UK council refuses to host Palestinian event over antisemitism fears

Aug 05,2019

Tower Hamlets officials did not divulge real reason for turning down Big Ride for Palestine.

London Borough of Tower Hamlets refused to host closing rally of annual bike ride raising money for Palestinian children in besieged Gaza over claims it would breach IHRA’s anti-Semitism criteria, the Guardian reported on Saturday.

The council told the Big Ride for Palestine, which was established on the first anniversary of Israel’s 2014 offensive on Gaza and which has raised nearly £150,000 for sports equipment for children in the enclave, that the event could not go ahead in the borough “without problems”.

However, the Palestine Solidarity Campaign won a Freedom of Information battle in an effort to discover the reasons behind the council’s refusal to host the event. Internal emails revealed that council staff agreed not to make public “anti-Semitism concerns”.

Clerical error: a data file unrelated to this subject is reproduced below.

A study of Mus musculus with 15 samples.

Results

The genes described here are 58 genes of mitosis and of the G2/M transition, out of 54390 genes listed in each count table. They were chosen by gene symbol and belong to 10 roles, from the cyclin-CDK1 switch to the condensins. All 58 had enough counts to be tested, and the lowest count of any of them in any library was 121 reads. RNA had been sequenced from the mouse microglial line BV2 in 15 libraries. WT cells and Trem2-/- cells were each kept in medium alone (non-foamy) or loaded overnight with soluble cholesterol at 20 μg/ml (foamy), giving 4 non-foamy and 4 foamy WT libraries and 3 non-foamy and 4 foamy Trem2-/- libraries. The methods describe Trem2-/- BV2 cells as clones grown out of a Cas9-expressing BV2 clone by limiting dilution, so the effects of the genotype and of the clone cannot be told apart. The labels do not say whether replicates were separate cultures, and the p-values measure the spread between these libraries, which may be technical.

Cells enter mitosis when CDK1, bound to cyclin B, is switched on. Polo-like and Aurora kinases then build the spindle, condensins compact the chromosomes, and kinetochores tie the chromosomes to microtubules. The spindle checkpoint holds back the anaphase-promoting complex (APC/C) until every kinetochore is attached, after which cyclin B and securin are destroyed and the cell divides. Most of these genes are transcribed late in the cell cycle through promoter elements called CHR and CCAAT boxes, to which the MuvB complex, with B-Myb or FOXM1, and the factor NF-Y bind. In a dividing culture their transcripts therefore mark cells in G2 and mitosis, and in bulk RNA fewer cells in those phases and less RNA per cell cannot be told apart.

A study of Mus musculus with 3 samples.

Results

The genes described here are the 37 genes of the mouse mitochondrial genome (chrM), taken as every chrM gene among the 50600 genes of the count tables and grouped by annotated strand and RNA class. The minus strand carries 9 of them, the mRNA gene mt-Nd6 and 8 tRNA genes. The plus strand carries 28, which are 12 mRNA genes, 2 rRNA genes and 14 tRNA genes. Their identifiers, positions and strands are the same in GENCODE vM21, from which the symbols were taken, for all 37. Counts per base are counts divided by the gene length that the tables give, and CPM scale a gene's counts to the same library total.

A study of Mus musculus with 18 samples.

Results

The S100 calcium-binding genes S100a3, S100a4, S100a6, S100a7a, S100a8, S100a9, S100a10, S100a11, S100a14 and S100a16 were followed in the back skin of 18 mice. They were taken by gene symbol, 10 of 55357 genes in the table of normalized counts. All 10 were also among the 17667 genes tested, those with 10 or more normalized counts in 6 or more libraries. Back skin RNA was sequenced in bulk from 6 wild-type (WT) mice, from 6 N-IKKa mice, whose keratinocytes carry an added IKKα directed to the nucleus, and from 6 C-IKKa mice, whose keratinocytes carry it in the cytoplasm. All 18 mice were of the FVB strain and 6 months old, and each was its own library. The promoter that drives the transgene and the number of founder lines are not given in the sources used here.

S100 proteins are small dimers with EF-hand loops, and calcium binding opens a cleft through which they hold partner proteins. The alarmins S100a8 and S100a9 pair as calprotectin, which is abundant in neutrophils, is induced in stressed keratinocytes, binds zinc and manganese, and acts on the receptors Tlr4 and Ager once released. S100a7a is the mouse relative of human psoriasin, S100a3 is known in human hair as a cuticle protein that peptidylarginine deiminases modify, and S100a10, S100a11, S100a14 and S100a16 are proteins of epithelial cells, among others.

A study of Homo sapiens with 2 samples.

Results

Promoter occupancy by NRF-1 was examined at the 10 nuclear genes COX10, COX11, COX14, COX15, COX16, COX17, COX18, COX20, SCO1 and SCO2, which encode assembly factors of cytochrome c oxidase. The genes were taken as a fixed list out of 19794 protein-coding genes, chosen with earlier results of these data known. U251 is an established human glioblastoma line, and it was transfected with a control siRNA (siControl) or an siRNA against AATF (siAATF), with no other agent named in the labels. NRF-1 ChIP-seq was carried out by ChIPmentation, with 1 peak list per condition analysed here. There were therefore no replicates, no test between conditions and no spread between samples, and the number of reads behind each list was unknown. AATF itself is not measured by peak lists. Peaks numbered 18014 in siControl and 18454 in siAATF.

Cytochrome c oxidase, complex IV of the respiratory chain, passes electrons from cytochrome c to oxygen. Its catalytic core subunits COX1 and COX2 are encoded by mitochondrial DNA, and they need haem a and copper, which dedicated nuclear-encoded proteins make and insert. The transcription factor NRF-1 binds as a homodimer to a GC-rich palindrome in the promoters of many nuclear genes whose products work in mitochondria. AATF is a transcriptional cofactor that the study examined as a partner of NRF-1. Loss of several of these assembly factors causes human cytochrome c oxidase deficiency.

While the council officials, according to the Guardian, told the organisers that there was a risk speakers might express views which contradicted the council’s policies on community cohesion and equality, behind the scenes the council attributed the reasons to “real risk” of violating IHRA’s definition of anti-Semitism.

The council’s concerns were linked to the Big Ride’s website describing Israel’s illegal occupation and siege of the Gaza Strip as “apartheid” and “ethnic cleansing”.

When considering how to explain the decision, the Guardian said, one council official said it would be wise to “avoid the anti-Semitism aspect… as this could open a can of worms and come back to bite us”.

The Guardian reported a council spokesman saying: “The council gave the application careful consideration and decided not to host the event, because we do not host rallies with political connotations, albeit without direct links to political parties.”

However, a spokesperson for the charity said its work was focused on helping the 300,000 children in Gaza showing signs of severe psychological distress.

The spokesperson added: “It’s a dreadful thing when an over-scrupulous interpretation of the IHRA definition of anti-Semitism is used behind closed doors to prevent awareness raising of the situation in Palestine and the need for humanitarian support.”